Broccoli is a deeply-divisive vegetable. George Bush Sr hated even the sight of it, banning it from being served even from Air Force One. “And I haven’t liked it since I was a little kid and my mother made me eat it. And I’m president of the United States, and I’m not going to eat any more broccoli!” he is reputed to have grumbled. On the other hand is Barack Obama, who absolutely loves the stuff.
Broccoli may cleave the Presidents of the USA, but it is rather a delicious vegetable, and endlessly versatile – it easily takes to South East Asian flavours as well as European and Indian ones. You can barbecue it, roast it with cheese, layer it into a macaroni bake or even toss it into Thai curries. But although most people view broccoli as a sort of warming vegetable to be eaten in winters or monsoons, it is also excellent in salads, which makes it the perfect vegetable for our simmering, sultry summers. Broccoli and cheese are a match made in salad heaven, but it also works superbly in a garlic, chilli and soy sauce salad, or tumbled with pasta or even cooked with sausage or salami for a more hearty salad. Below, I’ve given you some of my absolute favourite broccoli salads, quick and easy to put together, with the minimum of fuss. Perfect for a summer’s day when you don’t want to spend hours broiling over the stove.
Broccoli Pasta Salad
You can use leftover pasta for this, or make fresh. Any small pasta like farfalle (bow tie shaped) or penne should do. I love adding fruit to my salads; in this case, the sweetness of the pear acts as a subtle foil to the earthy funkiness of broccoli.
Pasta – 150g
Broccoli – 100g
Pear – 1, chopped into little pieces
Cucumber – 1 small, diced
Red pepper – 1, chopped finely
Chilli flakes – 1 tsp
Olive oil – 2 tbsp
Balsamic vinegar – 2 tsp
Orange juice – 1 tbsp
Pistachios to serve
Salt to taste
Bring a pot of heavily salted water to the boil. Add the pasta and cook until al dente (around seven to ten minutes). Cut the broccoli into small florets, and toss it into the pot, after removing the pasta. Then dry the hot broccoli with a napkin, in order to prevent it from getting mushy. Add it with the pasta to the pepper, the pear and the cucumber.
Whisk the olive oil, vinegar, orange juice, salt, and chilli together vigorously, then pour into salad. Sprinkle with pistachios before serving for a bit of crunch.
South East Asian Broccoli Salad
Healthy diet: broccoli salad recipe
Ginger paste – 2 tsp
Garlic paste – 2 tsp
Sesame oil – 4 tbsp
Soy sauce – 2 tsbp
Chilli powder – 1 tsp
Broccoli – 200g
Corn – 50 g
Baby corn – 50g
Carrot – 1, chopped into matchsticks
Peanuts – 1/2 cup, roasted until crisp
Salt to taste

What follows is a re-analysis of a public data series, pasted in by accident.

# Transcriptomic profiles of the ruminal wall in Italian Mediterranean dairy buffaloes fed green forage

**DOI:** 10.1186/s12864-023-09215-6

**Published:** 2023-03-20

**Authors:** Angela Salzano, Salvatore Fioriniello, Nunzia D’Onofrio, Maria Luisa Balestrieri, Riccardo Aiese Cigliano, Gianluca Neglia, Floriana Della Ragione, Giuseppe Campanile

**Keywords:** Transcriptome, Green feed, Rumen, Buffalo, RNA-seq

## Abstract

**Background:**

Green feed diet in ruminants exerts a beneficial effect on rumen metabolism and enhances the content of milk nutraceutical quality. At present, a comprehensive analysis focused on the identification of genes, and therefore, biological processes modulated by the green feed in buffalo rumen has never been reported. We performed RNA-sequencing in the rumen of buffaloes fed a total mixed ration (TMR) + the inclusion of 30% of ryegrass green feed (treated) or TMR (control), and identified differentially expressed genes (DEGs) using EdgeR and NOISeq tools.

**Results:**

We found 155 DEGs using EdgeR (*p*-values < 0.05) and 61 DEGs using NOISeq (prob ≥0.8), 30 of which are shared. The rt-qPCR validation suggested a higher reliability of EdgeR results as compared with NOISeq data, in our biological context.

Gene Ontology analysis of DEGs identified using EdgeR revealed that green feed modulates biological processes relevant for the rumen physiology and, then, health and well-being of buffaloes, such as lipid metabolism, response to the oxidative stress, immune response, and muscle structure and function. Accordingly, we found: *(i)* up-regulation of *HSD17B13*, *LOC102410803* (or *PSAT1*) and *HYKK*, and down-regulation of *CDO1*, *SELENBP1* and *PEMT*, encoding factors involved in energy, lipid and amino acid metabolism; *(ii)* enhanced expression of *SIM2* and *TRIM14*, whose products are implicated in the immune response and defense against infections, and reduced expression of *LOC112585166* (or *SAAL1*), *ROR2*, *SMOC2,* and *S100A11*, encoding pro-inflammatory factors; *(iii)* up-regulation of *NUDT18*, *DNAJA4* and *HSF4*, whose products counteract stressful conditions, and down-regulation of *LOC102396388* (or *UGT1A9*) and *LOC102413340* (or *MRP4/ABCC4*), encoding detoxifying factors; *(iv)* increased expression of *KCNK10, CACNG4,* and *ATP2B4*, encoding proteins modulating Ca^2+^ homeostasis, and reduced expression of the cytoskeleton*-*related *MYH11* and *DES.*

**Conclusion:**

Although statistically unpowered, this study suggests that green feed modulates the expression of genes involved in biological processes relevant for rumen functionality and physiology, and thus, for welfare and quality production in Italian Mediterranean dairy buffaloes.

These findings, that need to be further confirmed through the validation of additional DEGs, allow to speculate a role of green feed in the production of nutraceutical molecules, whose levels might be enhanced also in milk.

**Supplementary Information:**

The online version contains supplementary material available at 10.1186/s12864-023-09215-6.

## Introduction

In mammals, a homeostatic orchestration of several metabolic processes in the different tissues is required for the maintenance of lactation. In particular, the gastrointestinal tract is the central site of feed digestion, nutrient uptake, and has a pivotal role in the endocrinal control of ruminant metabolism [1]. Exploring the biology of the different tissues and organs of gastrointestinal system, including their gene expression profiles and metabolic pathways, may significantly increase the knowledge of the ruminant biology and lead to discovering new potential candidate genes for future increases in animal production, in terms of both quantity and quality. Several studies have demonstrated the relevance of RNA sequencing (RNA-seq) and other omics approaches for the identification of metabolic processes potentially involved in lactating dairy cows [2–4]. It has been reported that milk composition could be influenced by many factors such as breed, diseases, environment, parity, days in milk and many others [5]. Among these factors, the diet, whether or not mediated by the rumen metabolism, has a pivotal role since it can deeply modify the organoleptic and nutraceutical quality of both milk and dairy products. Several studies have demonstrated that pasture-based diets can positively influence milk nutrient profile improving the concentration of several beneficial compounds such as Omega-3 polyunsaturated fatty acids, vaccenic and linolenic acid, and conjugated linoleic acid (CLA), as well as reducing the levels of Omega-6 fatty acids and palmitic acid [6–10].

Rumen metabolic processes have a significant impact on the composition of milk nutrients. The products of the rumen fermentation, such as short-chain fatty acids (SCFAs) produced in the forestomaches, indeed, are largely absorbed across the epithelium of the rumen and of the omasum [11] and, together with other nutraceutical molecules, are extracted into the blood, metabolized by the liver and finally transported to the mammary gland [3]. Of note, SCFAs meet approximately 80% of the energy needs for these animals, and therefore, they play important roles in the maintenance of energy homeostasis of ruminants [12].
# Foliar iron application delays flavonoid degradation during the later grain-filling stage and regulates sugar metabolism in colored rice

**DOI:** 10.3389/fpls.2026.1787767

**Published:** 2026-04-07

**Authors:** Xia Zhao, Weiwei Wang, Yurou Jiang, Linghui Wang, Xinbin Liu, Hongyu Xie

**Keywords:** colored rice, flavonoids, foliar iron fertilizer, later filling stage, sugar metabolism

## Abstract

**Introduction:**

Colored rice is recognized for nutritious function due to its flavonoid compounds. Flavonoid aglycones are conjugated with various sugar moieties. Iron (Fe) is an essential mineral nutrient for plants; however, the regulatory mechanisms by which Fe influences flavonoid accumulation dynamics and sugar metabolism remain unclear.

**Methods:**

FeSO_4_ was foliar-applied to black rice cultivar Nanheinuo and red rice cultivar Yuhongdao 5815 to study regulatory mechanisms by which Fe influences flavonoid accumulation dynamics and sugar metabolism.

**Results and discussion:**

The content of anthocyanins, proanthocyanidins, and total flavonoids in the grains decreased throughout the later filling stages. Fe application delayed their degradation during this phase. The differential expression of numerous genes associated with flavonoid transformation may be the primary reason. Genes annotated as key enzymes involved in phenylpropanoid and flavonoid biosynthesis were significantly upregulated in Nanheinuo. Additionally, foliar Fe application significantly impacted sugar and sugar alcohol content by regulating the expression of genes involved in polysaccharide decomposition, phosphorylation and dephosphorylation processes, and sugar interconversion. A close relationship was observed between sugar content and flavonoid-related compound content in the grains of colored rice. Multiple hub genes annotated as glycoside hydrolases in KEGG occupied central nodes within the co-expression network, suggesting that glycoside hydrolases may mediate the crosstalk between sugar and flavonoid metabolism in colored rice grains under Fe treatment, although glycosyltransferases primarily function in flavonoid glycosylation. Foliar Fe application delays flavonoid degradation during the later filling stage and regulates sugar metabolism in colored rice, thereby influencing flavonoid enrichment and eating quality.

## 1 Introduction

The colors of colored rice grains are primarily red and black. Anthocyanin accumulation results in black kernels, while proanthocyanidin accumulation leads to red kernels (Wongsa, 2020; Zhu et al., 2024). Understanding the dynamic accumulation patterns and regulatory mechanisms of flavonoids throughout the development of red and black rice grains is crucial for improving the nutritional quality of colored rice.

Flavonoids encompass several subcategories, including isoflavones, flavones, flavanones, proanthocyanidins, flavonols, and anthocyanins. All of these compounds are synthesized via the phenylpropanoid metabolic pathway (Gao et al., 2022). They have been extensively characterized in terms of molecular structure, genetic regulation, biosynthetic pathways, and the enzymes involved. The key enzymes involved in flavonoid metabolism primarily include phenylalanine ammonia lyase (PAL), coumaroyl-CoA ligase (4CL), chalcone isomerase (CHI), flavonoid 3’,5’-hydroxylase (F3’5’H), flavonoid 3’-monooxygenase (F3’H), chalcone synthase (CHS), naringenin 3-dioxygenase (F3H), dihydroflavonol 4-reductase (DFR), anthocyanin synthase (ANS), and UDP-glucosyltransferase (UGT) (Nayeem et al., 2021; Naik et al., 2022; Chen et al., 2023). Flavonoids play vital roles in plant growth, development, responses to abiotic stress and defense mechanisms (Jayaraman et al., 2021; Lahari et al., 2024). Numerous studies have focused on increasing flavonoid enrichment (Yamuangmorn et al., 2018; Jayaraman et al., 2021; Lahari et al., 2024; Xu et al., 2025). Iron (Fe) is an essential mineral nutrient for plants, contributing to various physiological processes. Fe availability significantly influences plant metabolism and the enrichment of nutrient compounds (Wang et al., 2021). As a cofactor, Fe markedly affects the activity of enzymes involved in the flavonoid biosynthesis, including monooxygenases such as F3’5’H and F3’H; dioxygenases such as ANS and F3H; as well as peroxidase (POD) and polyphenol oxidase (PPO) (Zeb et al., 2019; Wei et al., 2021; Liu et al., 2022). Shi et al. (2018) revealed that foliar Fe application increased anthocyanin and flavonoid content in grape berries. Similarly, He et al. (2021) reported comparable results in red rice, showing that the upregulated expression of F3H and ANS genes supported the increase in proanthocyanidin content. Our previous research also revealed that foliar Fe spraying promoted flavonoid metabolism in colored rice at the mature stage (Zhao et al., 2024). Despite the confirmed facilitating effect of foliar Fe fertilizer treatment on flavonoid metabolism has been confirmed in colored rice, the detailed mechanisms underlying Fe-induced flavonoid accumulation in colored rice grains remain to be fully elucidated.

Stir fry the broccoli in 1 tbsp sesame oil and set aside. Vigorously mix the sesame oil, soy sauce and chilli powder together in a bowl. Smother the vegetables in it, then mix in the ginger, garlic and chilli powder. Add salt to taste, and serve with peanuts (and a wedge of lime if you like).
Hot Broccoli, Choriz and Prawn Salad
Healthy diet: Broccoli salad recipes
Broccoli – 250g
Goa sausage – (choriz) 100g
Prawns – 200 g
Olive oil to fry
Garlic cloves – 8, chopped
Green peas – 1/2 cup
Salt to taste
Coriander leaves to serve
Honey – 2 tsp
Green chilli – 1, chopped
Extra virgin olive oil – 1/4 cup
Cube the sausage and fry in some olive oil in a saucepan, for about six minutes. Then add in the garlic, frying until pale gold in colour. Toss in the broccoli, stirring occasionally. Add the green peas and prawns once the broccoli is nearly tender, around five or six minutes.
Toss the honey, extra virgin olive oil and chilli in a bowl, and pour over the contents of the saucepan. Season and serve with coriander sprinkled on top.
Broccoli, Ricotta And Rice Salad
This broccoli salad is a great way to dispose off old, leftover rice-you can use any type of rice you like.
Broccoli – 250g
Kashmiri chilli – 1, finely chopped
Ricotta – 100g
Leftover cooked rice – 100g, at room temperature
Baby spinach leaves – 200g
Lemon juice – 1 tsp
Salt to taste
- Bring a pan of water to boil, and add salt. Meanwhile, cut the broccoli into little florets, and as soon as the water starts bubbling over, throw in the broccoli. The broccoli should take about five to six minutes to finish cooking. Take it all out and drain.
- Crumble the ricotta cheese into little pieces, and mix into the broccoli; the heat will help the ricotta to melt. Then toss in everything else, mix well, and serve.
Get The Most From Your Broccoli
- When looking to buy broccoli, look for bright green-coloured ones, with their heads compacted together, rather than loose florets. Avoid broccoli that has yellow flowers.
- It’s best not to overcook your broccoli, if you want to preserve its nutrition. A maximum of seven to ten minutes is ideal. This way, it won’t get soggy, and you’ll have the added advantage of leaving the broccoli crisp and bright green. You can even eat broccoli raw.
- If you want to keep your broccoli for a long time, try freezing it, rather than refrigerating it. Otherwise, keep it in the vegetable crisper in a bag with holes in it, so that it can breathe, and ideally, use it within three days.
- Cut your broccoli like you would cauliflower-the easiest way is by cutting off the canopy of florets, then cutting the more fibrous stalk. The very end of it is far too fibrous to eat though. Better to cut it off and discard it.
Put on the chef’s hat and experiment with the humble veggie.